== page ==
In 1973, Jesse Helms, a newly elected United States senator and an ideologue contemptuous of the United Nations, dismissive of international treaties and completely devoid of compassion for the world’s poor, put his name on an amendment to the landmark 1961 United States foreign assistance act banning any use of US funds to support abortion in family planning globally. Over more than four decades, the Helms amendment has been reinterpreted, reinforced, and expanded in American aid policy to the point of rising to a violation of internationally recognized rights of women.
An international campaign is now urgently demanding that the United States put an end to this policy, saying that the Helms amendment defies the Geneva Conventions on the rules of war, which the US has pledged to uphold since the 1950s. The US is effectively violating the universally accepted nondiscriminatory healthcare provision in the conventions by forcing its prohibitions on abortion on medical aid work by others in conflict areas. In an age of unconventional warfare and terrorism, thousands of women suffer and die as a consequence of rape and other sexual abuses. Those who survive need a lot of help to repair their battered bodies—and sometimes that includes abortion.
On July 7 the Global Justice Center in New York, which advocates for the enforcement of international laws on human rights and gender equality, sent a letter to President Barack Obama on behalf of more than 50 international organizations asking for executive action to nullify the effects of the Helms amendment and honor the Geneva Conventions, which demand nondiscriminatory medical treatment in war zones.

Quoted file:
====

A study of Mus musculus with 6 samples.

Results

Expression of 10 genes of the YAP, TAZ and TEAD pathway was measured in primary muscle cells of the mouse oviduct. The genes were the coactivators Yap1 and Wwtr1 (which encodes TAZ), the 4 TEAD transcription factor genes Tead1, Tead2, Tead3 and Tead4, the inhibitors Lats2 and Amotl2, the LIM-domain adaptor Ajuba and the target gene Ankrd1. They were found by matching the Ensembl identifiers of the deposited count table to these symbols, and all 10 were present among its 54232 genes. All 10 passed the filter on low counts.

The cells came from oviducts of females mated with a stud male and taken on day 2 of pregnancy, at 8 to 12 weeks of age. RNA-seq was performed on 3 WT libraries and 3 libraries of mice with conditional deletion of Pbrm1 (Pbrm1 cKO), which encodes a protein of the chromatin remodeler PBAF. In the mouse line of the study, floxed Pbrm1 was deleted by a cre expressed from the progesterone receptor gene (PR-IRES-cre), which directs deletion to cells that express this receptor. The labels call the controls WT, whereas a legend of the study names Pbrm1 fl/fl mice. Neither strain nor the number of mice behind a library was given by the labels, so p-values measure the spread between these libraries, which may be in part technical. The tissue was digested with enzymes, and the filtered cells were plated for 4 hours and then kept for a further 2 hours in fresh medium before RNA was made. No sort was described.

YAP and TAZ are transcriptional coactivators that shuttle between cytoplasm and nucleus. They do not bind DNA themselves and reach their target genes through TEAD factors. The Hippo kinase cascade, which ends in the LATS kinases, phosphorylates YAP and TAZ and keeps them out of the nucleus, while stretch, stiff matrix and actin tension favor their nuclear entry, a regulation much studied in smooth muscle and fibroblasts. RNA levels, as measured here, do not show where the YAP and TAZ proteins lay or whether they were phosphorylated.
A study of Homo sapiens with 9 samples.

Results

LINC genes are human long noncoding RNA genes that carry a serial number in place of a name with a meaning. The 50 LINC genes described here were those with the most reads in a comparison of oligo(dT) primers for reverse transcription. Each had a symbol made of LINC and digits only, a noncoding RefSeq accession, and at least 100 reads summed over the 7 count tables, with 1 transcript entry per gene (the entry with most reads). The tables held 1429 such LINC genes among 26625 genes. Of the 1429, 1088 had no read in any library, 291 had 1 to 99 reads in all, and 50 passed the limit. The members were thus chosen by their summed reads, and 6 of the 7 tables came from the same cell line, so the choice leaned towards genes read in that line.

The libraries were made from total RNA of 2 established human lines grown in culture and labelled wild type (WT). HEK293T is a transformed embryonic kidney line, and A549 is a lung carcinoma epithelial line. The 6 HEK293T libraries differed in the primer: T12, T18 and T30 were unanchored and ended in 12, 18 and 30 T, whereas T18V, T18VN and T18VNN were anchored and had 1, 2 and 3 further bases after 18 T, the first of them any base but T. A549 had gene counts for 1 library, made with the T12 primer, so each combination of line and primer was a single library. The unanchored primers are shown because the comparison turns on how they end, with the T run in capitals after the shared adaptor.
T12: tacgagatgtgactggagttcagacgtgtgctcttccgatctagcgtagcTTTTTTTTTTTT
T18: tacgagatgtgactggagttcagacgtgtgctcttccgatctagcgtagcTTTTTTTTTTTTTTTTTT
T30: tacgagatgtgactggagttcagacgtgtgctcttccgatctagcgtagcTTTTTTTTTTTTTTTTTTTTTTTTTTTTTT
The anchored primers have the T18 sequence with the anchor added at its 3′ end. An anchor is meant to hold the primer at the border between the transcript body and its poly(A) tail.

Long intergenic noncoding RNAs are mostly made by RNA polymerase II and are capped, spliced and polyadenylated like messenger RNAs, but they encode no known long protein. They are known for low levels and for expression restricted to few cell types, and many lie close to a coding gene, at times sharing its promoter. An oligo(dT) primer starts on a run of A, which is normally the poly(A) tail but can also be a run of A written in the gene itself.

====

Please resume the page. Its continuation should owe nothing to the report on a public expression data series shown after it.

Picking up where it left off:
“The US abortion ban is a major reason that female war rape victims around the world are being denied abortions in humanitarian medical facilities,” the letter said. “This is a matter of utmost urgency as recently demonstrated by the use of rape and forced impregnation by extremist groups such as ISIL and Boko Haram as tactics of warfare to further their ideological goals.”
Other civil society, legal, faith-based, human rights, and development organizations in the United States and abroad have sent similar letters. In Congress, several senators have been active in opposing the abortion bans and related restrictions. They include Barbara Boxer, Democrat of California, Jeanne Shaheen, Democrat of New Hampshire, and Patrick Leahy, Democrat of Vermont.
Janet Benshoof, the president and founder of the Global Justice Center, said in an interview that Article 3 of the Geneva Conventions entitles all victims, including civilian rape victims in war zones, to nondiscriminatory medical care of all kinds. By barring abortion for rape victims in conflict areas, where rape or forced impregnation are acts of war and war crimes, the US position is universally considered discriminatory. “The Geneva Conventions have their own medical protocols that nobody questions as absolute law,” Benshoof, adding that these protocols override local laws and restrictions in conflict areas. “That is probably the most fundamental international law.”
In May, when the United States submitted its human rights record in a periodic review at the UN Human Rights Council in Geneva, it met renewed criticism from friendly European countries confounded by the American rejection of internationally accepted women’s reproductive health rights, enshrined most recently by the groundbreaking decisions of the International Conference on Population and Development, held in Cairo in 1994, which the US supported. The Helms amendment, or the misinterpretation of its original intent in addressing family planning, was specifically mentioned by delegates who wanted want to know why American restrictions abroad are tougher than laws governing abortion in the United States.